Air Force, Army agree on plans for joint cargo aircraft |
by Staff Sgt. C. Todd Lopez
Air Force Print News
6/27/2006 - WASHINGTON (AFPN) -- With the signing of a memorandum of agreement June 20, the vice chiefs of staff of the Air Force and the Army have agreed on a way ahead for converging the service's independent acquisition programs for a joint cargo aircraft.
Both the Air Force and the Army independently pursued options for a smaller cargo aircraft to fly intratheater airlift missions. In late 2005, the Department of Defense directed the Army's "Future Cargo Aircraft" program and the Air Force's "Light Cargo Aircraft" program be merged into the single "Joint Cargo Aircraft" program.
The agreement, signed by Air Force Vice Chief of Staff Gen. John D. W. Corley and Army Vice Chief of Staff Gen. Richard A. Cody, spells out how the two services will pursue the new joint program and how each service will use their version of the aircraft.
In March 2005, the Joint Requirements Oversight Council approved the Army's Initial Capabilities Document. That document identified the Army's capability gap in organic airlift.
Brig. Gen. Andrew S. Dichter, Air Force deputy director for joint integration, said the JROC recognizes the joint cargo aircraft as a good option to fill the Army's organic airlift need and the Air Force's requirement to provide intratheater airlift in support of all Services. The memorandum of agreement, he said, is an important next step in filling both service's missions.
"They believe (the joint cargo aircraft) is an important capability to fill Army's organic lift," he said. "And for the Air Force we have an intratheater capability gap looming.
"So the bottom line is we are here together to tell you our two services recognize the importance of this mission, we are working together collaboratively and it is an important event today to reach this agreement," General Dichter said.
In the agreement, the Air Force and Army agree on key components of how the program will be run, to include roles and missions, command and control, sustainment, doctrine, standardization and training and integrated testing.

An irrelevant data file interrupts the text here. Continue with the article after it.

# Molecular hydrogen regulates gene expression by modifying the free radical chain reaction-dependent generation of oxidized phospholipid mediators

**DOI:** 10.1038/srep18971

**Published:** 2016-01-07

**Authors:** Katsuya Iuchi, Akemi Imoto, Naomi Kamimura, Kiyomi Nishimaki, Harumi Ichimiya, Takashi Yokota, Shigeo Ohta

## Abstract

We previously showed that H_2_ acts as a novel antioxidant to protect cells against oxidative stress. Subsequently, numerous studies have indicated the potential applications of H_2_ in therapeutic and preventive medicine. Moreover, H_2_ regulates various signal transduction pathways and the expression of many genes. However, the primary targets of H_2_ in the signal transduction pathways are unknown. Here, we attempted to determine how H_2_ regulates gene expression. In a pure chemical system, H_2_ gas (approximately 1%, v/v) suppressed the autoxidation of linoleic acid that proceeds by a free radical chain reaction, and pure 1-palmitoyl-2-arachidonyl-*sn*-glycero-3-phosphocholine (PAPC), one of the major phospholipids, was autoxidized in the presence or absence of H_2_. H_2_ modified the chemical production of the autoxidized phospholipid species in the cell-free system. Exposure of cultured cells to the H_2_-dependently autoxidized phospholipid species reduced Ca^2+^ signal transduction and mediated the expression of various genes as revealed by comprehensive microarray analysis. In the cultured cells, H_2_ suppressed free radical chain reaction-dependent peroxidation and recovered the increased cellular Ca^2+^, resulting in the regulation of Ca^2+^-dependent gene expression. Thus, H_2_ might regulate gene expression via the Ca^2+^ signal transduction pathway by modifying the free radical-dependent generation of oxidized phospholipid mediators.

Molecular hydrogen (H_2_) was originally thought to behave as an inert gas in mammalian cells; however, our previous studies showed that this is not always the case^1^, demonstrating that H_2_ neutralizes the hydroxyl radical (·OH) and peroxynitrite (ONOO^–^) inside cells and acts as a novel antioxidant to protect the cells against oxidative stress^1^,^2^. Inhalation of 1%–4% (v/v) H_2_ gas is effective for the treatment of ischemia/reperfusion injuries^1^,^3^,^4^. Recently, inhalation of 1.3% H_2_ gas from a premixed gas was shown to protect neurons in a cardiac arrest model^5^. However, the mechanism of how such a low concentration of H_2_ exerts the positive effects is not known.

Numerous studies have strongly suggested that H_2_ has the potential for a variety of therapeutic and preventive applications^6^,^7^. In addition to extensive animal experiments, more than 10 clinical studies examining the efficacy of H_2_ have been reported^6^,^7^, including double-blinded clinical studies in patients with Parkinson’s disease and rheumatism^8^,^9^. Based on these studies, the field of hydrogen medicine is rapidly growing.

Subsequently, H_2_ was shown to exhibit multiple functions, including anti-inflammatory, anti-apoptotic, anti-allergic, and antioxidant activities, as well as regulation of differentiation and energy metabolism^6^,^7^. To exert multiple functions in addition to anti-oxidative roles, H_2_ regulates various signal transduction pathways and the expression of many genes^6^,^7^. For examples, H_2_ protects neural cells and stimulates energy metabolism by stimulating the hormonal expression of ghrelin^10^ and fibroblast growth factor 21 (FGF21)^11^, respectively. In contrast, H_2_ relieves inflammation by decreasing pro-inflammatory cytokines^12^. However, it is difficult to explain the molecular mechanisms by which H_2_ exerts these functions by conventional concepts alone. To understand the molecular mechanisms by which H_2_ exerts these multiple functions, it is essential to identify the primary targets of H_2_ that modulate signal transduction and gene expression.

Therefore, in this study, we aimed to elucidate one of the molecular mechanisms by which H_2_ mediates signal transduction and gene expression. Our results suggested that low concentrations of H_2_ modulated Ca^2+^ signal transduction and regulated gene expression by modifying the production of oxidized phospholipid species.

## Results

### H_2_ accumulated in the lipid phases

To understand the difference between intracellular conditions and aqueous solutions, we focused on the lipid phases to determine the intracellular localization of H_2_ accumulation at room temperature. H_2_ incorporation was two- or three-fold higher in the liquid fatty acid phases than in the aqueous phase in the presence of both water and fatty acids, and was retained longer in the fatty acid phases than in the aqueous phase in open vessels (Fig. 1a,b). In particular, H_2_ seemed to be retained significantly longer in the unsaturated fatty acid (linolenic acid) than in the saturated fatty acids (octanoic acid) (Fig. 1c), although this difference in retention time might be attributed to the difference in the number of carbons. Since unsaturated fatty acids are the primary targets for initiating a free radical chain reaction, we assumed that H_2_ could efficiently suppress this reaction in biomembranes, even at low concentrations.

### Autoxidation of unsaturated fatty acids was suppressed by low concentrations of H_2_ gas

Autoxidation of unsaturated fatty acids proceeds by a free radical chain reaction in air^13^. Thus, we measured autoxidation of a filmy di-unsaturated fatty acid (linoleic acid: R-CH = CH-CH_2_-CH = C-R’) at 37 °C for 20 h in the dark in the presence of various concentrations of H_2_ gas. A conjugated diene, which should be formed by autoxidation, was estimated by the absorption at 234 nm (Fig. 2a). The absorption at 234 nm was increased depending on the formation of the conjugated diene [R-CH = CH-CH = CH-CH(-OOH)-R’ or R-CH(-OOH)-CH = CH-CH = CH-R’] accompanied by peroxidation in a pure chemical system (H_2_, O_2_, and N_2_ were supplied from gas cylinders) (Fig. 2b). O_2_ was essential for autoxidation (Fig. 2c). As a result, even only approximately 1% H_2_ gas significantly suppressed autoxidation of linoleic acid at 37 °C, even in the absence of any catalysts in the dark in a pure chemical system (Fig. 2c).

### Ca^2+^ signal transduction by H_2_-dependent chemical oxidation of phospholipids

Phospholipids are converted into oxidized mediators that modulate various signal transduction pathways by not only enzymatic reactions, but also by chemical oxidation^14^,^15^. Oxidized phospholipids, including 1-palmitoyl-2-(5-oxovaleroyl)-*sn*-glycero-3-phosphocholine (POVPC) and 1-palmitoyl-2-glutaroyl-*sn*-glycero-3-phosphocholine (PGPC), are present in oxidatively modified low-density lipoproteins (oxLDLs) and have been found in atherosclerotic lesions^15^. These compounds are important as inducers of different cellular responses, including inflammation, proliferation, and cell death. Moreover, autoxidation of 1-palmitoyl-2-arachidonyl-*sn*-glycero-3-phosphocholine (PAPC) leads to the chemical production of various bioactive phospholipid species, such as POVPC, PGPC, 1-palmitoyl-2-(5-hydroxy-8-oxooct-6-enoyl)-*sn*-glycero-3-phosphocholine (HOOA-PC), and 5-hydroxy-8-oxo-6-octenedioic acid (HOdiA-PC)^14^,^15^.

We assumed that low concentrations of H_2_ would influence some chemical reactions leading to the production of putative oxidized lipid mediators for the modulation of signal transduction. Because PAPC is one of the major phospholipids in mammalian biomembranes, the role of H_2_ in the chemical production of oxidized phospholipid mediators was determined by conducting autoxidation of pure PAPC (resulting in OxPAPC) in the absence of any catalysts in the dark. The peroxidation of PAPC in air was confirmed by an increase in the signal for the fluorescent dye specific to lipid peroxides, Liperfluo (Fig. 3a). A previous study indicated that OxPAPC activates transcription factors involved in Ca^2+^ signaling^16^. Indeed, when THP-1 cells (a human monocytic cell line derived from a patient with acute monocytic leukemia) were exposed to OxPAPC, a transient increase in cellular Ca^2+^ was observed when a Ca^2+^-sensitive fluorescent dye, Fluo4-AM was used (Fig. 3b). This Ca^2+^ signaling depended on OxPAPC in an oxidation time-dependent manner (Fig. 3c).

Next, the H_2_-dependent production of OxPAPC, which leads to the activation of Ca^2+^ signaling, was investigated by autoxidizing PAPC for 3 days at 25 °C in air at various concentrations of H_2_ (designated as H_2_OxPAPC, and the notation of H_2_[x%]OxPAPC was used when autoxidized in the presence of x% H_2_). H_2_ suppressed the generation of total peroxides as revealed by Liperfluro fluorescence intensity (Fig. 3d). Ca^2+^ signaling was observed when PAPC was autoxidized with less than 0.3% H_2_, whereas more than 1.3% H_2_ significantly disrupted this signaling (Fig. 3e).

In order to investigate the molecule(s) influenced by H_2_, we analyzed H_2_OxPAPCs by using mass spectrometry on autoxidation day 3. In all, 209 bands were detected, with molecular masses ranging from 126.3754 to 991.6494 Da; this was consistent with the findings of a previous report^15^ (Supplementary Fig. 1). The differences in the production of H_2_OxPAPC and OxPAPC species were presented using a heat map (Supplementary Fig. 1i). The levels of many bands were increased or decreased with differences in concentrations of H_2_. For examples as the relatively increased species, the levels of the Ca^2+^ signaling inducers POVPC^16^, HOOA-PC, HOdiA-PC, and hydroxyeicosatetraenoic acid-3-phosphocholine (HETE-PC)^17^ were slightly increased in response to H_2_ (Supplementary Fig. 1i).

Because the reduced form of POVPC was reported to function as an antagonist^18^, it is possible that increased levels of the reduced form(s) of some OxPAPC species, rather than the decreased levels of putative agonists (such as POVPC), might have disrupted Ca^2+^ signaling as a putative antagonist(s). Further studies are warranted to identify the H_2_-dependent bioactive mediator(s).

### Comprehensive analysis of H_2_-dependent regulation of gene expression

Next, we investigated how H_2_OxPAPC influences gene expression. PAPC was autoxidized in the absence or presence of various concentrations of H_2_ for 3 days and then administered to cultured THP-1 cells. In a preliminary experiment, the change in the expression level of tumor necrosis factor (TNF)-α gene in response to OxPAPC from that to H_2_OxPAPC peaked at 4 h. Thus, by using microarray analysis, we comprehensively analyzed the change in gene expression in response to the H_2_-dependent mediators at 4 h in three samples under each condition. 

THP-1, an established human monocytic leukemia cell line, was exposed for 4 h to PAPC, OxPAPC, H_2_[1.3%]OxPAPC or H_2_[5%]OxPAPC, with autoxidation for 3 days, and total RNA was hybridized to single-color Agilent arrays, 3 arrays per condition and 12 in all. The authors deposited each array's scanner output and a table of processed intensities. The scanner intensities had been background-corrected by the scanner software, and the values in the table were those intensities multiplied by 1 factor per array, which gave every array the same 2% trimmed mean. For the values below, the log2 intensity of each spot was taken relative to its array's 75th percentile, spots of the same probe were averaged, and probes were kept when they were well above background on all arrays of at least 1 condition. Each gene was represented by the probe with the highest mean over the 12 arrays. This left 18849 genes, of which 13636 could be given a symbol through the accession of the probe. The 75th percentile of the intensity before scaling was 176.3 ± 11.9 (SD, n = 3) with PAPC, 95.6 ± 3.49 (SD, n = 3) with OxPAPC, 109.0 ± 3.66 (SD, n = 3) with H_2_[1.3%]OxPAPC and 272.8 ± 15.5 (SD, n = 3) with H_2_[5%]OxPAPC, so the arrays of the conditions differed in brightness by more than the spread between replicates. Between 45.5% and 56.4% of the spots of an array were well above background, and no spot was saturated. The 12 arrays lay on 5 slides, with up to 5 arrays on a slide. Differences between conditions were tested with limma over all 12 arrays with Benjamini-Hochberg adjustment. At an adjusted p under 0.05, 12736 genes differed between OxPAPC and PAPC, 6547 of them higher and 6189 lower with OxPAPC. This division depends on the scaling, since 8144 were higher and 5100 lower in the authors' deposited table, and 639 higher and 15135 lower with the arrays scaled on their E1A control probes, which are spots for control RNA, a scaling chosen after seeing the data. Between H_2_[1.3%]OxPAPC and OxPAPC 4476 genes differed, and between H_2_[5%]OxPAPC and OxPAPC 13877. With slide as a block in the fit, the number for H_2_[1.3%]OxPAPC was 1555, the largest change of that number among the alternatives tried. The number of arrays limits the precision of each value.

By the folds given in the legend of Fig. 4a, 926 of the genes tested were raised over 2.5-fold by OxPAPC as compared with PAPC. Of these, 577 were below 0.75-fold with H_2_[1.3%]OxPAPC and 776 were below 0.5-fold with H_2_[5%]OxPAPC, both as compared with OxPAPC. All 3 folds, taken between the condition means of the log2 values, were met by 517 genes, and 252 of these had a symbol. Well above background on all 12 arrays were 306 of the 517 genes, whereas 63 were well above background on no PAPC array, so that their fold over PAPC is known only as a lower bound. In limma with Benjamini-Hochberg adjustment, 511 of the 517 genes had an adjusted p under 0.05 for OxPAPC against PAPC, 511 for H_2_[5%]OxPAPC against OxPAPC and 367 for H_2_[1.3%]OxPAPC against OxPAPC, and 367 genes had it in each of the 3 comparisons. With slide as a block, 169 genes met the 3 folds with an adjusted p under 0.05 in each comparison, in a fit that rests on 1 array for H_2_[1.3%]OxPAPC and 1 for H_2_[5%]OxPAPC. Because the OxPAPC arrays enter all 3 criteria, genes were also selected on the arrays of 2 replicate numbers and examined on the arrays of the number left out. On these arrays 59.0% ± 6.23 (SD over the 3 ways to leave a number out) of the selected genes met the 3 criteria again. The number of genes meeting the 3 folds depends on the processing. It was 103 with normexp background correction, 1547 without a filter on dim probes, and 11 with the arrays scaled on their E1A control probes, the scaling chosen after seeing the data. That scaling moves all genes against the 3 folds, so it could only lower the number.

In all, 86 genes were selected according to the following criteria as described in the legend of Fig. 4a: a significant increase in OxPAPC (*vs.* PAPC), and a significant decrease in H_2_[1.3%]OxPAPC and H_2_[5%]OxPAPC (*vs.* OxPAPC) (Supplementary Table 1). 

Part of the memorandum of agreement defined the roles of the JCA within each service. For the Army, the aircraft will provide intratheater organic airlift.
"The Army's Future Cargo Aircraft's primary mission is on-demand transport of time-sensitive/mission-critical cargo and key personnel to forward deployed Army units operating in a joint operations area," the agreement reads.
For the Air Force, the JCA will provide the service with the capability to provide intratheater airlift full time as part of the "common user pool," that is, to serve all services in theater. The Army's version of the JCA could also be used as part of the common user pool when it is not supporting Army organic airlift needs.
The agreement also spells out how many aircraft will be purchased. Initially, the services will procure 145 JCAs. The Air Force will get 70 of those aircraft, the Army will take 75. That number could change in the future, however, based on the needs of the services and the effects of that aircraft on the intratheater distribution system, said Army Brig. Gen. Stephen Mundt, director of Army aviation.
"If the Air Force is flying an airplane that does things that their current fleet does not do today, based on these key performance parameters, it will change the distribution system on the battle field," he said. "The question is: how much will it change it?"
Also in the memorandum is an agreement between the Air Force and the Army to develop a joint training strategy to ensure both Air Force and Army crewmembers receive standardized initial training on the aircraft.
The joint cargo aircraft will be a small aircraft developed for both the Army and the Air Force. It will be smaller than the Air Force's C-130 Hercules, but larger than the Army's C-23 Sherpa. Most likely, the aircraft will be a variant of an aircraft already available in the civilian sector and the manufacturer will modify it for military use.